National Press Club

Newsmaker: GPS Tracking of Suspected Criminals Raises Fourth Amendment Concerns

October 18, 2012 | By Terry Hill |

Attorney Steve Shannon (seated) joined fellow attorney Chris Leibig at a National Press Club Newsmaker to discuss "GPS Tracking and Fourth Amendmendment Rights," Oct. 18, 2012

Attorney Steve Shannon (seated) joined fellow attorney Chris Leibig at a National Press Club Newsmaker to discuss "GPS Tracking and Fourth Amendmendment Rights," Oct. 18, 2012

Photo/Image: Noel St. John

As technology matures, privacy issues are being subjected to legal tests that could force a Supreme Court Fourth Amendment review, according to Virginia attorneys Christopher Leibig and Steve Shannon who addressed their concerns during a National Press Club Newsmaker event Thursday.

Global Positioning Systems in particular are being used more frequently by law enforcement officials seeking to track the movements of suspected criminals. Although law related to GPS tracking has matured in recent years, many issues surrounding the technology remain unsettled and are being argued in courtrooms across the nation.

The Fourth Amendment grants citizens the right to security against unreasonable searches and seizures, but more frequently, law enforcement officers during their initial criminal investigations have been employing technological devices without seeking warrants first.

"The use of a GPS device or an electronic surveillance device serves as part of the foundation for law enforcement to later get a warrant to search somebody's home or automobile,” said Shannon. "The issue is: can you do that without having a warrant?"

One GPS case, United States v. Jones, reached the Supreme Court and the government’s use of a GPS device was ruled unconstitutional, but the high court has not resolved the overall issue.

Until the mid-20th century, search and seizure law was rooted in the issue of common law trespass, a physical intrusion onto someone's property. Evidence obtained in that manner without a warrant was deemed to unconstitutionaly obtained and could not be used in a criminal prosecution.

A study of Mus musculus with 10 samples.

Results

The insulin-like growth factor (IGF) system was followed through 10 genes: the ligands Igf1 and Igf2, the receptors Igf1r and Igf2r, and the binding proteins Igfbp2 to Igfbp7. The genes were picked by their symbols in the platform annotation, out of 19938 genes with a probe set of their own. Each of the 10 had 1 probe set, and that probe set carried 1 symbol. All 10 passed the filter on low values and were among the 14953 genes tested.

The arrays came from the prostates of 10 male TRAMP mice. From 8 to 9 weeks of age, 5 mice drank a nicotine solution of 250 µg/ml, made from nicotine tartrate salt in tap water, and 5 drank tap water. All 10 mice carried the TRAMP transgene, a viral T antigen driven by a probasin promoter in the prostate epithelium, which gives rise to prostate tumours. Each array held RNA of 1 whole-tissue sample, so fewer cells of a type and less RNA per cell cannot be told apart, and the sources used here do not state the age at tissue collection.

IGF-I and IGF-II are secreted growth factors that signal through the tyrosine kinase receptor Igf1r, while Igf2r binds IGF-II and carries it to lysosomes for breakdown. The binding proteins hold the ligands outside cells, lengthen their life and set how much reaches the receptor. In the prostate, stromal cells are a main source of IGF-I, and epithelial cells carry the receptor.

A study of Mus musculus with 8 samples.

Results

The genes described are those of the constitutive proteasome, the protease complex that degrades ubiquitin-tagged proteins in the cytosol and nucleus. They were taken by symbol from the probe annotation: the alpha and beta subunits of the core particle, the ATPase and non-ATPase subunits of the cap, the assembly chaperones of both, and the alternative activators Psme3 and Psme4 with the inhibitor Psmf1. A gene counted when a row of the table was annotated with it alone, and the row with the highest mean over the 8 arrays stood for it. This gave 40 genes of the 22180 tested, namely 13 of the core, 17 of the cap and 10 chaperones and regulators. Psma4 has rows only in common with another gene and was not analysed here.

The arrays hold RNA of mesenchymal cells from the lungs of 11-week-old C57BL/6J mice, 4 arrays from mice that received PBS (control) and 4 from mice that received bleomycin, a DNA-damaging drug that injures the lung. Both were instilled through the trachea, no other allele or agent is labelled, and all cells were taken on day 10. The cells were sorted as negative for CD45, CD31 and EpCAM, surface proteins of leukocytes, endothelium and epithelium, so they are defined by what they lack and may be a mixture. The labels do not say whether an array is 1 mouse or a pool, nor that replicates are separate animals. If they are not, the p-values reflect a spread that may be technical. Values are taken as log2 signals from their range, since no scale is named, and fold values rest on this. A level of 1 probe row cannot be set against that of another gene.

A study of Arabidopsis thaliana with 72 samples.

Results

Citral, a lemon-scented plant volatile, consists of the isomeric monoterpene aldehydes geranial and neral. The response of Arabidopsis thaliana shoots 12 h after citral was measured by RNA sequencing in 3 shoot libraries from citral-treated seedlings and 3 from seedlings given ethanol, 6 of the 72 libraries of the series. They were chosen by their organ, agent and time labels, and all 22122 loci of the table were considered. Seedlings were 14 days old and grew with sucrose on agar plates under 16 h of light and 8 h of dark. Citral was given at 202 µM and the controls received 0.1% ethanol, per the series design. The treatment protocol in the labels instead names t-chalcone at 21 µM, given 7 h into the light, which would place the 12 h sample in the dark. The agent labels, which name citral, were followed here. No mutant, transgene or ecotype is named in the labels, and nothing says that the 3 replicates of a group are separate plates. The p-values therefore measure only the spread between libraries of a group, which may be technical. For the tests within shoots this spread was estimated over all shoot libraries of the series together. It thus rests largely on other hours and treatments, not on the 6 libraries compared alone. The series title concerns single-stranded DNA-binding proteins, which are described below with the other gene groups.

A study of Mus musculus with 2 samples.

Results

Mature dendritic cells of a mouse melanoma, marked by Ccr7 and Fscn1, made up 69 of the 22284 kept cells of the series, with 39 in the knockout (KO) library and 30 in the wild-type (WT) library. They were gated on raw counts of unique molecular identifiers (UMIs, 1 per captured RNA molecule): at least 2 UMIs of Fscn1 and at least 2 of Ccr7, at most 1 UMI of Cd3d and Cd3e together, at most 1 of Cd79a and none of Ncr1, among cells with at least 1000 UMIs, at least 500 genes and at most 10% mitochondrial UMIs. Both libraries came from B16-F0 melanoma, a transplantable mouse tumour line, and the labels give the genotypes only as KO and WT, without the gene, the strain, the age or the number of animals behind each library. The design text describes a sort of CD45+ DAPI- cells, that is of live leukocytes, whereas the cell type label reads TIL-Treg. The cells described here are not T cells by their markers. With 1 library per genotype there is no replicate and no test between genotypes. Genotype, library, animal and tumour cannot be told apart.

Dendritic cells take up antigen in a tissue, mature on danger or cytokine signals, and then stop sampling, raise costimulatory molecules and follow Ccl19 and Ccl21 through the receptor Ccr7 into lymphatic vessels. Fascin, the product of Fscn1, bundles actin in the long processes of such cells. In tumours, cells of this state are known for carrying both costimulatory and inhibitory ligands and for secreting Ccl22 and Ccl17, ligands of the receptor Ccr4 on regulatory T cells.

But with the advent of GPS tracking technology, and law enforcement access to cellphone records, the courts have begun to ponder whether criminal investigations using information gathered from such devices may breach a person's reasonable expectation of privacy, a core component of the amendment.

Whether the expectation of privacy from society's perspective is reasonable is a key point in legal discussions. Such expectations are evolving rapidly. The courts are going to wrestle with this issue, Shannon said, noting that earlier this year the Virginia General Assembly passed emergency legislation that established legal guidelines for gathering information via tracking devices.

Leibig said basic law regarding cellphone records is in “complete flux.” The government’s argument against the need for a warrant in cellphone investigation cases is that individuals chose to own a cellphone, voluntarily conveyed their records to a third party -— the cellphone company -- and know that the data is stored away from one’s home; therefore the individual has no reasonable expectation of privacy.

Leibig said a significant opinion which could guide other courts on cellphone tracking is due soon from the 5th U.S. Circuit Court of Appeals. It will address the government’s appeal of a lower court ruling asserting that obtaining cellphone records for tracking requires a warrant.